Despite considerable reservations, Kumar Sangakkara reluctantly agreed to lead Sri Lanka "one last time" in the final npower Test

Kumar Sangakkara admits it took “a lot of deep thought” before he committed to captaining Sri Lanka in the final npower Test at the Rose Bowl.

Sangakkara will lead the tourists against England tomorrow, barely two months after he resigned in the wake of World Cup final defeat in India.

Tillakaratne Dilshan’s fractured thumb saw him take the reins during the Lord’s Test, and, despite considerable reservations, Sangakkara was persuaded to assume control one more time. He insists it will be the last.

“I stepped down and thought I was done with it, but I was clearly wrong. I’m back one last time,” he said.

“When I was first approached to captain the side I wasn’t ready to take it on, because the fact was I had given it up. I asked for time to really think it over, to consider my options.

“Unfortunately, there was no vice-captain appointed for this Test series, so the side was left with a bit of a problem with no-one to step in to captain.

“So with a lot of deep thought and considering the needs of the side and Sri Lanka, I decided to say ‘yes’ to captaining Sri Lanka again for a final time in this Test.”

Sangakkara’s much-publicised reticence (imagine the opprobrium that would be heaped on an England player if he admitted as much) stems from the demands of a job that extends far beyond the cricket field: political interference is far from uncommon and the team is under the ultimate control of the government.

Although Sangakkara captained Sri Lanka to the final of the 2009 World Twenty20 and this year’s World Cup – “huge achievements for the country”, he claims – the job took its toll during his two-year reign.

He revealed: “Looking from outside in, it’s sometimes difficult to fathom why a decision like that could be made, but once you’re in the team, and in that environment...

“Captaining Sri Lanka is a job that ages you very quickly. It’s rarely a job you will last long in.

Kumar Sangakkara

Sangakkara faces the doubly difficult task of captaining a side that trails 1-0, and finding his own form after 63 runs in four innings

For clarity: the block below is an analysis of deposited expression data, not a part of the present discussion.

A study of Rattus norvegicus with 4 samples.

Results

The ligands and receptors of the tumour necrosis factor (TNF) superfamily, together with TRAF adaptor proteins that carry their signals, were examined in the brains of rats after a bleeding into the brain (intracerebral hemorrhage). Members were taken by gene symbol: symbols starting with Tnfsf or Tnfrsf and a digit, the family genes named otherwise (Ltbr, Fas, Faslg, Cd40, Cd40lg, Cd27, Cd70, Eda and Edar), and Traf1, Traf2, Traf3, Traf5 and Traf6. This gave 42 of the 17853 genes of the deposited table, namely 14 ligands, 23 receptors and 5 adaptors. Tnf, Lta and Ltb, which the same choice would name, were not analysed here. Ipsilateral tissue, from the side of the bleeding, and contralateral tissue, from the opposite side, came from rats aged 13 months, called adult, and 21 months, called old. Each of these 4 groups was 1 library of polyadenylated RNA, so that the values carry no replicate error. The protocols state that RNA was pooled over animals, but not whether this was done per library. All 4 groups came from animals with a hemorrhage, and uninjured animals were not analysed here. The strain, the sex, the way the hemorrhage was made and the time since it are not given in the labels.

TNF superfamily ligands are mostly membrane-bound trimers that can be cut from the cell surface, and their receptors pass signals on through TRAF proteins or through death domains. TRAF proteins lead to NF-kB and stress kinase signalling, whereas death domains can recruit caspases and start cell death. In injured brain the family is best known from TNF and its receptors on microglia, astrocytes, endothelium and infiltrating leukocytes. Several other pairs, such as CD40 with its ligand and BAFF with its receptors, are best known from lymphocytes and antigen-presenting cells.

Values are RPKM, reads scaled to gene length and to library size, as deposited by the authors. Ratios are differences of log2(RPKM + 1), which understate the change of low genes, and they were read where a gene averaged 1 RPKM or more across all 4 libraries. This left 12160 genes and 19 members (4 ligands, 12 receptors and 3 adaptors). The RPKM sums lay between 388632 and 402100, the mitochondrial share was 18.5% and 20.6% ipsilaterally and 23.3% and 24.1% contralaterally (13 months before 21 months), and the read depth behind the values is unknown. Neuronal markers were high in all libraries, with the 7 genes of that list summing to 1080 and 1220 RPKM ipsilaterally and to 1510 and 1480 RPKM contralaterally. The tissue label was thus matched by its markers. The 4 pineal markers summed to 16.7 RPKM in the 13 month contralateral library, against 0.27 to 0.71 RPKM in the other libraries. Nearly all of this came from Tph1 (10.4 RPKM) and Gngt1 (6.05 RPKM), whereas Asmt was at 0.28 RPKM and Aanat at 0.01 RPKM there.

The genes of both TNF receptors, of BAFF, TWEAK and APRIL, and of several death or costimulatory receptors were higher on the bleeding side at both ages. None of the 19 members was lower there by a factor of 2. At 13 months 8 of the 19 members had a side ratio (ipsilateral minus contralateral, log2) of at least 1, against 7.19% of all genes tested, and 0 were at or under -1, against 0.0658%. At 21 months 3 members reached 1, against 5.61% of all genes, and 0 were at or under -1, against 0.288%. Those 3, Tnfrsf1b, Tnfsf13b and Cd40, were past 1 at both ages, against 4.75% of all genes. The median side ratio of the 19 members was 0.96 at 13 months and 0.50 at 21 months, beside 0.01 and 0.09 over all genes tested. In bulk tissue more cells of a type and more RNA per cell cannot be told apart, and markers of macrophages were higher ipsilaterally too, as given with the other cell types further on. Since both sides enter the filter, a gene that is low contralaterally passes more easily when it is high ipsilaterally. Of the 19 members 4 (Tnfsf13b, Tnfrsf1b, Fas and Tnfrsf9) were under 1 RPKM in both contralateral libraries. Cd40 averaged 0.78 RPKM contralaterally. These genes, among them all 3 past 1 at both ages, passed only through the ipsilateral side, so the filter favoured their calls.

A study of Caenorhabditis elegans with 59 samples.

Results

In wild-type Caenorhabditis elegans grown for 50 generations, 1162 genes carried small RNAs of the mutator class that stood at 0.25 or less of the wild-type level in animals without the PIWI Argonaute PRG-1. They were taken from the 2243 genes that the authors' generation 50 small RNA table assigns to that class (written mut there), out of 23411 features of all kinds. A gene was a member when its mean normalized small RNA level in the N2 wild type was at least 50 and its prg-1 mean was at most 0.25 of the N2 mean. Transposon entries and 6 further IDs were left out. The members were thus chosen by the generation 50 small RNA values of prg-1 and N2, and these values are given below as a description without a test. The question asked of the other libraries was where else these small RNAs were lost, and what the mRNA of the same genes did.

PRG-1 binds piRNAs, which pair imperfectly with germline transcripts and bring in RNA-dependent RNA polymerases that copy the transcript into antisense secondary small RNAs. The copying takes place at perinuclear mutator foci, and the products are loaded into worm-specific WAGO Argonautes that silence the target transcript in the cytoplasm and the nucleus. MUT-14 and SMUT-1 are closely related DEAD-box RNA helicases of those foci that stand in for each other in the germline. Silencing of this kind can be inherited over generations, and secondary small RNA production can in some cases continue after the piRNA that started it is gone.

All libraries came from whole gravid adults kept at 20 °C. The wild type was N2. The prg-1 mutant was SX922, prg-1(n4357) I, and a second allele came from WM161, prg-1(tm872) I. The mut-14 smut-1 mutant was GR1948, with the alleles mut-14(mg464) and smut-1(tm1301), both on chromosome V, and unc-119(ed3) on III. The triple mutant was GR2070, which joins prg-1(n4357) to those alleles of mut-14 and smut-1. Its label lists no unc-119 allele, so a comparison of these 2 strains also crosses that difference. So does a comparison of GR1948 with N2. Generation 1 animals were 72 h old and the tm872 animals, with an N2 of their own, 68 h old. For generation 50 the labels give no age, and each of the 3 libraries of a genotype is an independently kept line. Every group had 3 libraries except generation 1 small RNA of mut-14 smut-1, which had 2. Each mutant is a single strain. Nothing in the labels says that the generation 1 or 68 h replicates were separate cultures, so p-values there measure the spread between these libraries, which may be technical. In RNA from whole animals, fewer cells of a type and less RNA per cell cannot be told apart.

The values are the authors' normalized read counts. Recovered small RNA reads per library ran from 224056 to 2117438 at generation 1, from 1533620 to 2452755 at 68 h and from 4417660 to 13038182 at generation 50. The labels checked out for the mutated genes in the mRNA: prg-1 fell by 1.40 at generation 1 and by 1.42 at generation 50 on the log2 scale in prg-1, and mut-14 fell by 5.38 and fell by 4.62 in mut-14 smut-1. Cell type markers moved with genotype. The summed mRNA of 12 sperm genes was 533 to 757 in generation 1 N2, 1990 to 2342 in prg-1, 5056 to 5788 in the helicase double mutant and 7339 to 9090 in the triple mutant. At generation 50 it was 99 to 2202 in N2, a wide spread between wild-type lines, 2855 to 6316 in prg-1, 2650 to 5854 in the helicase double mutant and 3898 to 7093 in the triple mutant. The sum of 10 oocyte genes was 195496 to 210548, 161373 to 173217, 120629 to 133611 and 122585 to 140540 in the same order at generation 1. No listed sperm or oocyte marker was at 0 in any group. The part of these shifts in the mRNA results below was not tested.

“Mahela (Jayawardene) was a fantastic captain for us for two years, and he also resigned. I also had a two-year stint, and I enjoyed it at times.”

Despite his reservations, Sangakkara promised to “get on with the job” tomorrow as they chase a series-levelling victory in the first Test to be held at the Rose Bowl.

“Once you say ‘yes’ it means ‘yes’, so then you do what you have to do on the field and lead the side to the best of your ability,” he said.

“It’s a case of regrouping and making sure I’m transparent and clear with my communications with my team-mates – also, that they are forthright and honest with me.

“It’s a case of sitting down and seeing what options are available as a team: going out to face England tomorrow, what we’d like to achieve in this Test match, and how we’d like to achieve it.”

As if the unwanted captaincy burden was not sufficiently taxing, Sangakkara must also cope without Dilshan at the top of the order, not to mention his own batting woes.

Dilshan is Sri Lanka’s leading scorer in the series with 254 runs, yet Sangakkara has managed just 63 in four innings.

While it extends his disappointing record in England – he averages 26.60 and boasts a highest score of 66 in eight Tests – he can draw comfort from his consistent excellence over a 96-Test career that has seen him score 8,207 runs at 56.12.

“I failed (in) four consecutive innings after about six years, so it’s something I have to take in my stride,” he said. “It could happen to anyone so it’s not really a worry to me.”

Of Dilshan, he added: “He is a significant loss in both capacities, as an opening batsman and captain.

“He’s been the one batsman who’s stood out among us, even in the tour games, and it would have been great for him to be available to finish the series on a high. We have to fill the void.”